After a year featuring tectonic shifts in the stock market and the economy, 2008 is set to go out with barely a tremor.

A quiet Monday in the technology market, with the big news that palm looks like it’s going to get its own version of a bailout. That after Elevation Partners agrees to infuse the struggling handset maker with an additional $100 million, in a move to underwrite the company's 2009 new product launch. The move spurred Palm’s stock up 50% to $3,71 in Monday trading, as investors digest the news that Palm will put the money right to work on some of its 2009 new products launches.

Elsewhere, an interesting article in CNet’s “Digital Media” web site, on whether we are seeing a huge shift in the U.S. business superpower category. For decades, the “Big Three” has meant only one thing: auto kingpins General Motors, Ford, and Chrysler. But Bernstein Associates says the current recession has realigned the corporate power structure in the U.S., with three technology behemoths supplanting the big three.

The new kings of the hill? Google, Microsoft, and Yahoo. I would counter that Apple belongs in that group, if only for creativity and consumer attraction. But the underlying argument by Bernstein analyst Jeffrey Lindsay that the past ten years has seen the ascension of Google (most notably) and the descent of the Big Three automakers is an intriguing one. Says CNet, “Lindsay notes that the downturn of 2001 to 2003 in Web advertising--AOL imploded and Yahoo fumbled--allowed Google to emerge. Instead of getting bought, the future search giant went public and owned the sector. Fast-forward a bit and MySpace, YouTube, and Facebook had no shot at going public. Facebook had its IPO shot, but blew it.”

But, and there’s always a “but”, Lindsey also reminds us that a century ago, General Motors gobbled up Buick, Oldsmobile, and Chevrolet. We are, CNet adds, already seeing some of that behavior from the new “Big Three”.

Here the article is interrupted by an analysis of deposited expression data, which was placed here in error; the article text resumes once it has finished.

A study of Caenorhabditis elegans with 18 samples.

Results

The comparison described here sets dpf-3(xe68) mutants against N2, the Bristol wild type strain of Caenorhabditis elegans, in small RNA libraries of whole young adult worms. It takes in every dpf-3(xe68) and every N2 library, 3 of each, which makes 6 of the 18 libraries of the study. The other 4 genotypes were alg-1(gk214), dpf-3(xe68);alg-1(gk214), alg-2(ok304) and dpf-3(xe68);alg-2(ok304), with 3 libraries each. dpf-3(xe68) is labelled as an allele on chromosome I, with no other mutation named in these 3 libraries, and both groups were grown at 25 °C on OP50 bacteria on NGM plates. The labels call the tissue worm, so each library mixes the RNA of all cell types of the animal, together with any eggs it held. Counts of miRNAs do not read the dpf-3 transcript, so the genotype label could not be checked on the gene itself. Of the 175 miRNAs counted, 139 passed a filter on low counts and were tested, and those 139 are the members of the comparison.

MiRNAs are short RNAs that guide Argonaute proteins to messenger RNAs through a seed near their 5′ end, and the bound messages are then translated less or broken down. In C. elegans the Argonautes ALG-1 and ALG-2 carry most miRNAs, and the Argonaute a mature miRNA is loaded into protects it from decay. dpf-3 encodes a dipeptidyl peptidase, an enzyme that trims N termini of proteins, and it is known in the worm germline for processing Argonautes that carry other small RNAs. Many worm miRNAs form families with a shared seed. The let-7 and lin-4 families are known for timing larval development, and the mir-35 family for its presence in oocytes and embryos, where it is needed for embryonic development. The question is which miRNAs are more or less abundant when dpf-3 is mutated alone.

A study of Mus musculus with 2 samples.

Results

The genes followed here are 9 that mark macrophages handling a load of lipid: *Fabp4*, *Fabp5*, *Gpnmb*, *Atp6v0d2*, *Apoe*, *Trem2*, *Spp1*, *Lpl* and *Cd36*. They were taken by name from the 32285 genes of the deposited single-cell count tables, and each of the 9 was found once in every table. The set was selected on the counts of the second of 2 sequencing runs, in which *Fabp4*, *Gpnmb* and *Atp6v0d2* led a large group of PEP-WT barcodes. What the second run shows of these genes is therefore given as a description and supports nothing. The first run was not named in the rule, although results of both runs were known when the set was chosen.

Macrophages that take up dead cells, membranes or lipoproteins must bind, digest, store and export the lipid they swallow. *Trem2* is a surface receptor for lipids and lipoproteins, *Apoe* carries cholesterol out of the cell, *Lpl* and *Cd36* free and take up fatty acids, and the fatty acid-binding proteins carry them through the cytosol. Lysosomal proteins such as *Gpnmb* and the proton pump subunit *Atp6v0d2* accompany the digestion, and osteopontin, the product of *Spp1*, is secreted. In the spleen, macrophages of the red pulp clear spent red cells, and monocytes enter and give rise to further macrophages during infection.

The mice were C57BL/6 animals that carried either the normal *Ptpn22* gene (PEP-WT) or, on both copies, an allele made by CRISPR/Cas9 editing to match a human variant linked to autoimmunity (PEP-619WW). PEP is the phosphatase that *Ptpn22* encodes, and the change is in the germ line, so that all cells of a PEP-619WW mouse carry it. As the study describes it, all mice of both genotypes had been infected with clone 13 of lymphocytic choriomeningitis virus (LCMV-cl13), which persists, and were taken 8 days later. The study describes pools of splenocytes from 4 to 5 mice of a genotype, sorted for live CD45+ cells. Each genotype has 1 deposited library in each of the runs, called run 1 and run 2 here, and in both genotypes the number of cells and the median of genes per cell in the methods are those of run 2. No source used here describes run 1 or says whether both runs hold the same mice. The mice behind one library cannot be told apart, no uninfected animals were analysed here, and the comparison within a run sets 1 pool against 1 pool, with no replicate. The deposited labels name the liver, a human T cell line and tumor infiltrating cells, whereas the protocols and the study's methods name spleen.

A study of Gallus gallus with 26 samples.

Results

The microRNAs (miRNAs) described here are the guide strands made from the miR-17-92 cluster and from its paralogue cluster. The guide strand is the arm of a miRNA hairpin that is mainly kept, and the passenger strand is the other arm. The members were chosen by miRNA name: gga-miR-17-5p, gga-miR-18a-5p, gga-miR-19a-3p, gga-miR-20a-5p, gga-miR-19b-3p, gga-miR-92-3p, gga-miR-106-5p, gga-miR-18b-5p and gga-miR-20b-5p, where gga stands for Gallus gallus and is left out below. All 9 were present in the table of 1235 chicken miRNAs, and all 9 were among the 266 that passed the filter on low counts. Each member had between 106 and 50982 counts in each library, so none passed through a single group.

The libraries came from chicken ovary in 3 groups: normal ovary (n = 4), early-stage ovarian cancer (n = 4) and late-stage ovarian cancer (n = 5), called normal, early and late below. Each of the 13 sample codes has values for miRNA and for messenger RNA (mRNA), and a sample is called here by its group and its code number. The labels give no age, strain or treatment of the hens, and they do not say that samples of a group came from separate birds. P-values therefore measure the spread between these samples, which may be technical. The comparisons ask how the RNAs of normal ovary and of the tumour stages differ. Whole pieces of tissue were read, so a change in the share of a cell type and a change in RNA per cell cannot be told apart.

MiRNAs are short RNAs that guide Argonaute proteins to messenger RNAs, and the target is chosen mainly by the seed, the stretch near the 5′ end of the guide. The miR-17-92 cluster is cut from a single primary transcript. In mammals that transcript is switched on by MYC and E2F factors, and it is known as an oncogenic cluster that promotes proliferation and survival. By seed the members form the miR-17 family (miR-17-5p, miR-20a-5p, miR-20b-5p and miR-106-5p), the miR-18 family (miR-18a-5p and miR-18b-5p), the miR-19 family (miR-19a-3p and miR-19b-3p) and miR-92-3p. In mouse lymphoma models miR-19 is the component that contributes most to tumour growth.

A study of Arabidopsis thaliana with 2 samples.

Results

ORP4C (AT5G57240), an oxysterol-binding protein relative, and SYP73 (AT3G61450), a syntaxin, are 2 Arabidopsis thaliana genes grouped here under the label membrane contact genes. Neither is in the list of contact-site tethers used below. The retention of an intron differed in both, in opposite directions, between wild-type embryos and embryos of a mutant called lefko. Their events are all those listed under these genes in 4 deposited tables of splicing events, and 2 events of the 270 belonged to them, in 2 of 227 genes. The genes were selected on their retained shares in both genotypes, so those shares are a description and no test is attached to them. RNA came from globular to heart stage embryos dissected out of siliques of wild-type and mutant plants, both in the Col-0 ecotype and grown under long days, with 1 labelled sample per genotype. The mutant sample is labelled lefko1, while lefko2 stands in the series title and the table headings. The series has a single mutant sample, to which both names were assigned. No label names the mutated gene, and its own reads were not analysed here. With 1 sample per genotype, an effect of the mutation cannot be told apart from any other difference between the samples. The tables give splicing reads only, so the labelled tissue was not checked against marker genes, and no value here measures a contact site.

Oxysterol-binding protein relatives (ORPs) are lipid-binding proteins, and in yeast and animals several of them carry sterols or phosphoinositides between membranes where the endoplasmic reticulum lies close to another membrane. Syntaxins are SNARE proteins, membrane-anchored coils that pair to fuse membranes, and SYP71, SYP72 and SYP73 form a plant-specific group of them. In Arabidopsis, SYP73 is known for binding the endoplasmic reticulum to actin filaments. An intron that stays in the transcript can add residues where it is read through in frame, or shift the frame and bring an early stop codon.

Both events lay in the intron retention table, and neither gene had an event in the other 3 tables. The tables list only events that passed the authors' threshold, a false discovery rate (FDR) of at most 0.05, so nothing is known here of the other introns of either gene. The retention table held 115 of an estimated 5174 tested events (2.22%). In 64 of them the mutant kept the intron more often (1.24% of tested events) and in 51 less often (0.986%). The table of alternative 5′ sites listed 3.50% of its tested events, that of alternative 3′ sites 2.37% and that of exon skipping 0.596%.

“Buick, Oldsmobile, and Chevrolet were the high-tech industry of the early 20th century. They were gobbled up to become GM. But then I pondered Yahoo, which has Flickr, Delicious,, Zimbra and a bunch of other properties in its collection. Are these properties really any different than the nameplates and brands that GM and Ford have?
Microsoft and Google are similar stories. Any company that may be a threat someday is gobbled up. In the last two years, Microsoft has made an acquisition every three weeks, according to a Wikipedia tally. Google has made an acquisition every five weeks over the last two years.”

Like I said, it’s an interesting argument. Read the whole thing at:

One more item for today. The Chicago Board of Trade has a computerized index that measures investors’ fear. It’s called the Volatility Index (VIX) and late in 2008. It’s off the charts. The VIX measures options trading activity and takes a 90-day view of how much fear traders have in the market. The rule of thumb among VIX-watchers is to take the index and divide it by 16 to discern the percentage swing that traders expect for the market in a particular month. Prior to the credit crisis this year, a VIX above 30 suggested a high level of volatility, and 40 was indicative of a sharp recession.

Okay, but get this. The VIX has crested 80 in recent months (meaning investors are extremely scared) but has fallen hard to 44 points. Is that a sign things are getting better?

Some people don’t think so. Todd Salamone, senior vice president at Schaeffer's Investment Research in Cincinnati, said in a research statement this week that the VIX could be heading back to the 80’s – and higher. "I point this out because important reversal points will sometimes occur at half-highs. As such, the VIX could be setting up for an advance after a sharp decline during the past month," Salamone wrote. "During the past few months, the market's darkest moments tend to occur when the VIX is trading at a steep discount to the SPX's 20-day historical volatility."

And that, my friends, is roughly where we are right now. Three weeks ago the VIX was trading in the high-50’s. We could be heading back to more volatility – and soon.